I have been through about fourteen chapters (i.e fourteen classes) of Stella Adler's book "The Art of Acting" and it's really fascinating (wow that was a damn hard word to spell). To basically put it in layman terms, acting is about using your imagination, and building circumstances around you and just react and play a long with it. You don't act feelings, actually you don't act at all. You DO.
Like Sir Ben Kingsley said in his "Inside the Actor's Studio" episode, the camera is allergic to acting, it doesn't like it or take it in one bit. If you "act" in front of a camera people will spot it in a second. The camera's achilles heel is BEHAVIOR. Behavior, behavior, behavior.
What a long strange trip this is going to be. I am of course still dreaming about New York Film Academy and that scholarship. I've gone through it time and time again in my head and yup, if I do get that scholarship I'm off, great isn't it? I can't imagine anywhere else to study to be honest, not a single place in the world, except under Stella Adler herself but alas. NYFA just attracts me something immense.
My idea book, where I write down all my small little ideas I get is getting a little bit thicker by the week/month.
I am going to leave you with this though, although I have already given you too much, some insight to a great mind, mine. (HA!) and a CLASSIC song (still got it playing as I write this in loop). Here is a amazing short film from... Yes Uzbekistan, how did you guess? :) Based on Ray Bradbury's short story called "There will come soft rains" which I am guessing is based on a poem by Sara Teasdale. And I am giving you all three bitches!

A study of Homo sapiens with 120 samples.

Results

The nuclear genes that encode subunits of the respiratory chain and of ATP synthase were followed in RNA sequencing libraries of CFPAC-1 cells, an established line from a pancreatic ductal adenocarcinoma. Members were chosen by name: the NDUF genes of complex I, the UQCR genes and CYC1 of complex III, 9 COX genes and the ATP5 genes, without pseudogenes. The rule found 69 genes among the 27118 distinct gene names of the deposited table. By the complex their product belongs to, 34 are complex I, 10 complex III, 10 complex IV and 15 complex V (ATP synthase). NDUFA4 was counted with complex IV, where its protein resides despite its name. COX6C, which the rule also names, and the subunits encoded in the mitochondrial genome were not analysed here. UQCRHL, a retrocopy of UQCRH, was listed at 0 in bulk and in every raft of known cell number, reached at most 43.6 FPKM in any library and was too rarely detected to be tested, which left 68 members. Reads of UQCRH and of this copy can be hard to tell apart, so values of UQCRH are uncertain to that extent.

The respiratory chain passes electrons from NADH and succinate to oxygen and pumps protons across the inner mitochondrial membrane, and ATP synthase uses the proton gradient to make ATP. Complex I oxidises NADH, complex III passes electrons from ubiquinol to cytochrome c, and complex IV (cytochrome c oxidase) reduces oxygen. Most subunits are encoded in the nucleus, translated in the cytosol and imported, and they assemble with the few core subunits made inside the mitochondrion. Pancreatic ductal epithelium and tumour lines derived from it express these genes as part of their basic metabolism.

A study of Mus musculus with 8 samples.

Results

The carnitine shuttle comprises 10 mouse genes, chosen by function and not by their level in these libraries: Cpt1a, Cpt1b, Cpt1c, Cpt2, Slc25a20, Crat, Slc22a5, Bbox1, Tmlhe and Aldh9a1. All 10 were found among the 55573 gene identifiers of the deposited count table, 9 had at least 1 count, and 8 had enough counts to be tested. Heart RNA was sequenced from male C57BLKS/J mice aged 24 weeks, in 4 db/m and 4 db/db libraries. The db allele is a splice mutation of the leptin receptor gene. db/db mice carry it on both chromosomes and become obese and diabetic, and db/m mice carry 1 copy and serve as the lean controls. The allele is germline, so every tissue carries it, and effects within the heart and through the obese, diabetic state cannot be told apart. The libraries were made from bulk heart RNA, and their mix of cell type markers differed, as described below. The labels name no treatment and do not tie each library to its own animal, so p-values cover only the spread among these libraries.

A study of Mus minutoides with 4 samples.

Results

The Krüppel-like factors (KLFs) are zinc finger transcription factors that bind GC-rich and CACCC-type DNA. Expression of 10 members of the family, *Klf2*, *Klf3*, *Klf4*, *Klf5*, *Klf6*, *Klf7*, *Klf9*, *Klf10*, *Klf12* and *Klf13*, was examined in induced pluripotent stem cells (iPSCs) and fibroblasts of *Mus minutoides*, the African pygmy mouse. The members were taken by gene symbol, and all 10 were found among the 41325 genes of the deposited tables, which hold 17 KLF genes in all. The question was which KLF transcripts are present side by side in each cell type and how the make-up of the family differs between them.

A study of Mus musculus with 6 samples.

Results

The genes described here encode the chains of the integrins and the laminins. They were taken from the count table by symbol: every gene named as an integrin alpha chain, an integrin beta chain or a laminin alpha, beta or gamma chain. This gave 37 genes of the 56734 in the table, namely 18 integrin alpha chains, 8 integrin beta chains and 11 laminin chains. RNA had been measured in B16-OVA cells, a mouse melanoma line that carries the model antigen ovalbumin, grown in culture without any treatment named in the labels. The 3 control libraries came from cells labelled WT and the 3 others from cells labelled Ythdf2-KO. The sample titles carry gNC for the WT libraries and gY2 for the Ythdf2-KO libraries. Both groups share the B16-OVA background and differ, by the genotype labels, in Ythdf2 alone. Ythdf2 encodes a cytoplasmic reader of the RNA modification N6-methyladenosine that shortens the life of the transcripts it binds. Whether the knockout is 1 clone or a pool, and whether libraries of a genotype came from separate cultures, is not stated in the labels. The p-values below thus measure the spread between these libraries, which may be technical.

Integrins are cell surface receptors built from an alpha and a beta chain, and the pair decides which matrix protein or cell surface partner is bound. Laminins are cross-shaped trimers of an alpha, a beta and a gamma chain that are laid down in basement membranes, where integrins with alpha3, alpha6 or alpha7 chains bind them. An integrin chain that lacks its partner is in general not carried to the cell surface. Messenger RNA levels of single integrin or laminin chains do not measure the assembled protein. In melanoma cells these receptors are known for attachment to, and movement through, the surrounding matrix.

And the poem, three is a charm. Cha cha
" There will come soft rain and the smell of the ground,
And swallows circling with their shimmering sound;
And frogs in the pools singing at night,
And wild plum-trees in tremulous white;
Robins will wear their feathery fire
Whistling their whims on a low fence-wire;
And not one will know of the war, not one
Will care at last when it is done.
Not one would mind, neither bird nor tree
If mankind perished utterly;
And Spring herself, when she woke at dawn,
Would scarcely know that we were gone.